Size, Scope, and Fragility
By Arnold Kling
Complex control of a complex system is a recipe for confusion at best, catastrophe at worst. Complex control adds, not subtracts, from the Knightian uncertainty problem. The US constitution is four pages long. The recently-tabled Dodd Bill on US financial sector reform is 1,336 pages long. Which do you imagine will have the more lasting impact on behaviour.
It is a long speech, but worth reading in its entirety. He describes a financial system that became more fragile as banks became larger and more complex. He describes the issue as “neurological”–humans lack the ability to manage such large, complex systems. He does not invoke Hayek, but he easily could.
I believe that the same holds for government. Our government has become more fragile as power has become more concentrated at the center and the scope of government has increased.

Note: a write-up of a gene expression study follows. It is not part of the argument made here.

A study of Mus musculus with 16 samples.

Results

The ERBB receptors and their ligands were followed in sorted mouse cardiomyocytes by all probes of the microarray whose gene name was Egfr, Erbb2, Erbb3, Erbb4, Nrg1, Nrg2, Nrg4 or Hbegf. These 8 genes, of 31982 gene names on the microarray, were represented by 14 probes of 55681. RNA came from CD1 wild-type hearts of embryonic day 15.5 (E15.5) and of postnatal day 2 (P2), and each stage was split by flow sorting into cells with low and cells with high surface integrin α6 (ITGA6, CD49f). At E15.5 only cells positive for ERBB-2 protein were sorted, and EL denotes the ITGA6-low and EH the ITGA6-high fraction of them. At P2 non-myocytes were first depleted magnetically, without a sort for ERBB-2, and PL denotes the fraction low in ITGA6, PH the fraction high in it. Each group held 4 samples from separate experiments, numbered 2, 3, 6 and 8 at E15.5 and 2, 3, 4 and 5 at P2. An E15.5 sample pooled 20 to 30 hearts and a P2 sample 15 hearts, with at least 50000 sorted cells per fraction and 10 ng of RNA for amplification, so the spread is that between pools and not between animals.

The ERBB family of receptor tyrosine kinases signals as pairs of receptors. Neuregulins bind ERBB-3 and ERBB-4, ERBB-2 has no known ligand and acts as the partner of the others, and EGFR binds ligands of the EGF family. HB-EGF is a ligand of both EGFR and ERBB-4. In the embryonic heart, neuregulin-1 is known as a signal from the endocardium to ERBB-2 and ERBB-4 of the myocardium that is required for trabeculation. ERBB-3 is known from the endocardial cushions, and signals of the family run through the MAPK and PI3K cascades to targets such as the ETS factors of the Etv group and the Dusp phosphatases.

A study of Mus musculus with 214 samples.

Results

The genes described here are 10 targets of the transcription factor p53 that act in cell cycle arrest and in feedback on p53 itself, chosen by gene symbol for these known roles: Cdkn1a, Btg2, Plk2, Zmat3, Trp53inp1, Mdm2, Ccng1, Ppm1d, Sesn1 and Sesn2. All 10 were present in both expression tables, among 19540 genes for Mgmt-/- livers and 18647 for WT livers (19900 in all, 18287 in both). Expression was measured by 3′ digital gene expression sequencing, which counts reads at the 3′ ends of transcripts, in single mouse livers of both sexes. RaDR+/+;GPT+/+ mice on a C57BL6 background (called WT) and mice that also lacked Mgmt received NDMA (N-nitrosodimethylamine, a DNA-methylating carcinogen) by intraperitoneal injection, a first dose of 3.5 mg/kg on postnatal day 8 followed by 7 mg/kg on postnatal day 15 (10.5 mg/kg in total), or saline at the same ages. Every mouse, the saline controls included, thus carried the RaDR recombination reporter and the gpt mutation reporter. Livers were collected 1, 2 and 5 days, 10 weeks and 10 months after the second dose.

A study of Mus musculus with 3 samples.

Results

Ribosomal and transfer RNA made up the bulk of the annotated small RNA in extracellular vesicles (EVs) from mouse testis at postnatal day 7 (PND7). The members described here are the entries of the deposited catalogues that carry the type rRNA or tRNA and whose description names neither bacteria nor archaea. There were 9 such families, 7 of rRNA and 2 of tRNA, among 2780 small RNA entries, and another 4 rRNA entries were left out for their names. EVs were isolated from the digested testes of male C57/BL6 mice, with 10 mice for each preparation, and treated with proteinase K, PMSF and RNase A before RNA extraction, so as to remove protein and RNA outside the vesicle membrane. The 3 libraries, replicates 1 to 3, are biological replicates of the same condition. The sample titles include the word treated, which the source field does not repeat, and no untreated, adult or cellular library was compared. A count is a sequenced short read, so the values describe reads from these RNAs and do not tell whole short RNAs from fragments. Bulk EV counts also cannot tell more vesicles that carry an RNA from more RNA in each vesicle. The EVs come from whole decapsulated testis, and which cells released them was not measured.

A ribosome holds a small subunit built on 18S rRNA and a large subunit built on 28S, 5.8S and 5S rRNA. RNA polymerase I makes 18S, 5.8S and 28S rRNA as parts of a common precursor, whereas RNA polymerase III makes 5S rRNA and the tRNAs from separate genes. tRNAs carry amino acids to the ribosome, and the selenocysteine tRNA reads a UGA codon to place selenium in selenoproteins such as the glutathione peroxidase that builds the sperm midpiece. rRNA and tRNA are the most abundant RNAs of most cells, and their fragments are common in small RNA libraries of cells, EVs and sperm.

This fragility of tumescent government is what many otherwise thoughtful commentators fail to notice. They think that we can solve our problems with a value-added tax (VAT) or with a fiscal reform commission.
Instead, I believe that the problem is structural. American government will not be stable and sustainable until it is broken up and most of its functions are devolved, so that spending decisions are decentralized. A robust society would have more public goods delivered by the voluntary associations that Tocqueville noticed were characteristic of America. These associations are much more numerous and diverse than our governmental units.
This thesis would suggest that China is fragile. It may do very well for a time, but it will be subject to sudden and catastrophic failure. On the other hand, Europe remains highly federalized. At the moment, it appears to me that the fate of individual European countries is less tied to any central authority than the fate of individual American states. Sweden is somewhat insulated from mistakes made in Athens or Brussels; Maine is not so well insulated from mistakes made in Sacramento or Washington.